PhD. in Electrical & Computer Engineering
Why did you choose graduate school at IUPUI?
The combined graduate program between Purdue University West Lafayette and IUPUI and the wide range of research opportunities on automotive safety were the two main reasons to pursue my PhD degree at IUPUI. Taking advantage of both Purdue and IUPUI gives me a great stage to show my talent and ambitions. Moreover, after receiving my Master’s degree here with Electrical and Computer Engineering, personal experience in how professional and valuable education within the IUPUI ECE department encouraged me to devote myself to research and academic courses.
What has been your favorite academic accomplishment since you’ve been here?
The research and project I have done are my favorite academic accomplishment since I have been here. I have fully passed the Qualifying Examination of Purdue ECE department last year and published over 8 conference papers on various interdisciplinary research topics in advanced control for complicated system, data collection and evaluation method for vehicle road departure detection system. I have also received the 29th IEEE Intelligent Vehicles (IV) Symposium Best Poster Paper Awards in June 2018. I am currently working on several more journal and conference papers regarding my research project and my own PhD dissertation.
What do you enjoy most about life in Indianapolis?
I have lived in Indianapolis for over 5 years. The second largest city in the Midwest offers affordable homes, work opportunities and great higher education, and much more! With a reasonable ratio of income and expense, Indianapolis is a perfect city that you can work toward your dreams with a relaxing living style.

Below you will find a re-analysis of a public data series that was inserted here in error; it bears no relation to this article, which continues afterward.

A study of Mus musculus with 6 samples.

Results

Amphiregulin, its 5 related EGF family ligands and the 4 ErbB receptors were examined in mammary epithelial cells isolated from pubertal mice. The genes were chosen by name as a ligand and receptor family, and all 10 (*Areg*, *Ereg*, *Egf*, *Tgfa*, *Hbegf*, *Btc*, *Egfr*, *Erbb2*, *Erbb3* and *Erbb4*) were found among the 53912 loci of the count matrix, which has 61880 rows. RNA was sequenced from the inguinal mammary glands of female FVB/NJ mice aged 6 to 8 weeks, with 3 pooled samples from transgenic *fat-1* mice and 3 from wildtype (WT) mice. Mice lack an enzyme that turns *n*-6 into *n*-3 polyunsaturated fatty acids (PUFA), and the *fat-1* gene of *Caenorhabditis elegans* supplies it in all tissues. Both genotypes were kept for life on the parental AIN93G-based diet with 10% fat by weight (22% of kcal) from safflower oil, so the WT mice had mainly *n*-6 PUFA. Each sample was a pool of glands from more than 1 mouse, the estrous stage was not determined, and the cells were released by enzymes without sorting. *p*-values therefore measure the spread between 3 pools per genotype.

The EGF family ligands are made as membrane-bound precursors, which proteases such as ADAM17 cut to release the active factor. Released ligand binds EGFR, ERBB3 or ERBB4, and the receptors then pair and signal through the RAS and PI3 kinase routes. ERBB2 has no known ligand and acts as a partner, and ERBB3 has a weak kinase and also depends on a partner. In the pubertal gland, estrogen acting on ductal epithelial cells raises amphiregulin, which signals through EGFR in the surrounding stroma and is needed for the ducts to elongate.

Please provide some details about your work/research as a graduate student and/or any activities you are involved in.
I am now working as research assistant in Transportation Active Safety Institute (TASI) at IUPUI. My research topics are mainly focused on the modeling and control of complicated systems, computer vision and artificial intelligence algorithms. I am very interested in studying these areas and try to keep myself up-to-date with the latest frontier science and technology.
My current research topics and research projects are the development and evaluation of next generation of road departure detection systems (RDDS). Vehicle crashes due to road departure is a leading cause of fatalities on US highways. Roadside accidents and crashes account for about 35 percent of the fatalities on the nation’s highways. Road departure warnings and road keeping assistance (RKA) are the new active safety technologies for solving this problem. Most of the currently developed lane/road departure mitigation systems are based on the detection of clear lane markings. However, many roads do not have lane markings or do not have clear lane markings, especially in some rural and residential areas. Therefore, effective road departure detection and avoidance technologies for autonomous vehicle should rely on the detection and identification of different types of road edge and road boundary objects. Once we know better about the common features of roadside boundaries/objects in the US and the representative road departure pre-crash scenarios, the specific modeling and control strategies will be designed and applied to avoid accident due to run-off road events.